This paper provides the basis for a consultation process designed to help build global investor support for a listing standard for stock exchanges on corporate sustainability disclosure. The aim is to establish key elements of a minimum global standard for corporate reporting that would allow investors to access and use sustainability data, while giving companies and exchanges flexibility to address specific market regulations and cultures. 

Asset owners and asset managers are asked to review and comment on the paper’s recommendations by May 1, 2013. This feedback will help shape a document with investor recommendations that NASDAQ OMX and Ceres’ Investor Network on Climate Risk (INCR) will use to develop further support from global stock exchanges and the World Federation of Exchanges (WFE).

In dialogues with NASDAQ OMX and several other stock exchanges, INCR members noted that the increasing integration of sustainability issues into investment decisions is hampered by inconsistent and insufficient corporate reporting. Furthermore, many companies and exchanges cite uncertainty about the specific information investors need — and how it will be utilized — as a barrier to reporting. The need for a consistent global standard was identified in order to meet the needs of global investors, and also to help ensure that stock exchanges that adopt sustainability reporting requirements are not placed at a competitive disadvantage.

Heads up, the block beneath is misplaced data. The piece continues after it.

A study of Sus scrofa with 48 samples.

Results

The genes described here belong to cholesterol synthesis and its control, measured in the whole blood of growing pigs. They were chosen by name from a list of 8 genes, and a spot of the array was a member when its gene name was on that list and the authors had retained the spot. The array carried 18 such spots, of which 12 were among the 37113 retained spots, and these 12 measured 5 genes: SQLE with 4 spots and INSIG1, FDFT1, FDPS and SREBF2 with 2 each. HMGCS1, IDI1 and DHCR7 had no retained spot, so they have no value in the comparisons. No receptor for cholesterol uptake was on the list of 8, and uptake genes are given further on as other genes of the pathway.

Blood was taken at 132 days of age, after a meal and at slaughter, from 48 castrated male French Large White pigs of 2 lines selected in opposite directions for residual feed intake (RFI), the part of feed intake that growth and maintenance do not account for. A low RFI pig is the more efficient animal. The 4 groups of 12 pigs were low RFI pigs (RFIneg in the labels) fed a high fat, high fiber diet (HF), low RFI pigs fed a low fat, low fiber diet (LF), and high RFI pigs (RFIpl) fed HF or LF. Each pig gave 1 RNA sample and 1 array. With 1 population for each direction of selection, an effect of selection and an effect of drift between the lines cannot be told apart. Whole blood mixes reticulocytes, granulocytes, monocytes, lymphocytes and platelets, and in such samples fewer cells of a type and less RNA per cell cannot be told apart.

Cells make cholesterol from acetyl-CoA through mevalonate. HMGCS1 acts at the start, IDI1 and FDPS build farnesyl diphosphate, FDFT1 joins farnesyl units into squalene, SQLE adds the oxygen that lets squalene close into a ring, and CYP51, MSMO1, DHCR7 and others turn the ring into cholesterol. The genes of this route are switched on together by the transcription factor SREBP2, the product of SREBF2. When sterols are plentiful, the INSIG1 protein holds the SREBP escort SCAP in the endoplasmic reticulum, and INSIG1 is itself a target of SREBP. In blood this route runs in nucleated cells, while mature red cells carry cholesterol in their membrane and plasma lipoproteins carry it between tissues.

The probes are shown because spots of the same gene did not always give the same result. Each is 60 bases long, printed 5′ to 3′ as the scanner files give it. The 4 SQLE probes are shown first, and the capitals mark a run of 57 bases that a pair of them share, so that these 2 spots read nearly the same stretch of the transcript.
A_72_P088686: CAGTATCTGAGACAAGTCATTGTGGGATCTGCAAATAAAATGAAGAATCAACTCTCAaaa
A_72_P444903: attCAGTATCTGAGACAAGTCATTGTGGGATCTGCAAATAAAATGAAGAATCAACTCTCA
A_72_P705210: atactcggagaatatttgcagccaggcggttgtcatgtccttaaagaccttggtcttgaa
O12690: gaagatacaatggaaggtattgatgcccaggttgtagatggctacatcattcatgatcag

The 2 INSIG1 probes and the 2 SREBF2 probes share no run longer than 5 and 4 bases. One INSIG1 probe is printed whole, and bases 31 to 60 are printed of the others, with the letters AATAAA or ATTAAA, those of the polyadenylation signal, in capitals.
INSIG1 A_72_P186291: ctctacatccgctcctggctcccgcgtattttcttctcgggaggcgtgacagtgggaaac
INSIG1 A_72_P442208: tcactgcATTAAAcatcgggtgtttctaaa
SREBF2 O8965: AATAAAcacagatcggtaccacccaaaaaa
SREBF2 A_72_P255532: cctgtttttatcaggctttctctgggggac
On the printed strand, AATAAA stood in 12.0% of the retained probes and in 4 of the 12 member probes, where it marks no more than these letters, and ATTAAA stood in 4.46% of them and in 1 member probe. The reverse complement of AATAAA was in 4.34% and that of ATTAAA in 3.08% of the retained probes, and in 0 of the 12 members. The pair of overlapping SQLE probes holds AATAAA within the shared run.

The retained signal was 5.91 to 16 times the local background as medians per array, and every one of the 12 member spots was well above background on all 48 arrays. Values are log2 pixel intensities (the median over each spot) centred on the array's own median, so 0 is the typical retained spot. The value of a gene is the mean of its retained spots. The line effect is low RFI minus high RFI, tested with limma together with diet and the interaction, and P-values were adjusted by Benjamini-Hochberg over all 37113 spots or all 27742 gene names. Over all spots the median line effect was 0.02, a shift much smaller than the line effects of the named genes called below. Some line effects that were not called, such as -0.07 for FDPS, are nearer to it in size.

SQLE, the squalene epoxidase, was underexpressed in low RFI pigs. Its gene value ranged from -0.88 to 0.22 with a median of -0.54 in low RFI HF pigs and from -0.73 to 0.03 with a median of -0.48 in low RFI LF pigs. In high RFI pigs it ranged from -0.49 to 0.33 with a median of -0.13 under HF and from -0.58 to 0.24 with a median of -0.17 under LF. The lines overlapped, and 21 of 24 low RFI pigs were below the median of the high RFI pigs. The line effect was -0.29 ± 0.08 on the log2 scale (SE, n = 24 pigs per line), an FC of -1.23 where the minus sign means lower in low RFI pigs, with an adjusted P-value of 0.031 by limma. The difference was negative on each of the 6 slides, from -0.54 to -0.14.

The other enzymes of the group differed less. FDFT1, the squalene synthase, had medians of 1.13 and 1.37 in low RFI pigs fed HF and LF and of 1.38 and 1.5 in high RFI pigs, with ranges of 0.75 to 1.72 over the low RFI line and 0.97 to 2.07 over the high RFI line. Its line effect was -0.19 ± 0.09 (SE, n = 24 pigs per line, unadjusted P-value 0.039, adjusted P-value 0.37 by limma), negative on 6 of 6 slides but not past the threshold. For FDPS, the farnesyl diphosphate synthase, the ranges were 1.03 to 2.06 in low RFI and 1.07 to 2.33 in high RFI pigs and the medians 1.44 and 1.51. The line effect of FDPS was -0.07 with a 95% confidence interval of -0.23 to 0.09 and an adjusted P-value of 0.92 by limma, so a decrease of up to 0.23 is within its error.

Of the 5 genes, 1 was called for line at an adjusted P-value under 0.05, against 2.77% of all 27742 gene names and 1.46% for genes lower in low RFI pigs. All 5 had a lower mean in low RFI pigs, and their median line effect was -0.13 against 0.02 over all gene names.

Thus, NASDAQ OMX and other stock exchanges urged INCR members to develop clarity and consensus on a unified sustainability disclosure listing standard that could be adopted by all stock exchanges.

In response to these requests, the INCR Listing Standards Drafting Committee was formed to draft a proposed foundation for a global standard. The Committee’s recommendations provide a baseline for exchanges and were developed for all stock exchanges, regardless of size, location or familiarity with sustainability issues. They

should be viewed as a proposal for a minimum standard seeking to facilitate standardization both within and between markets.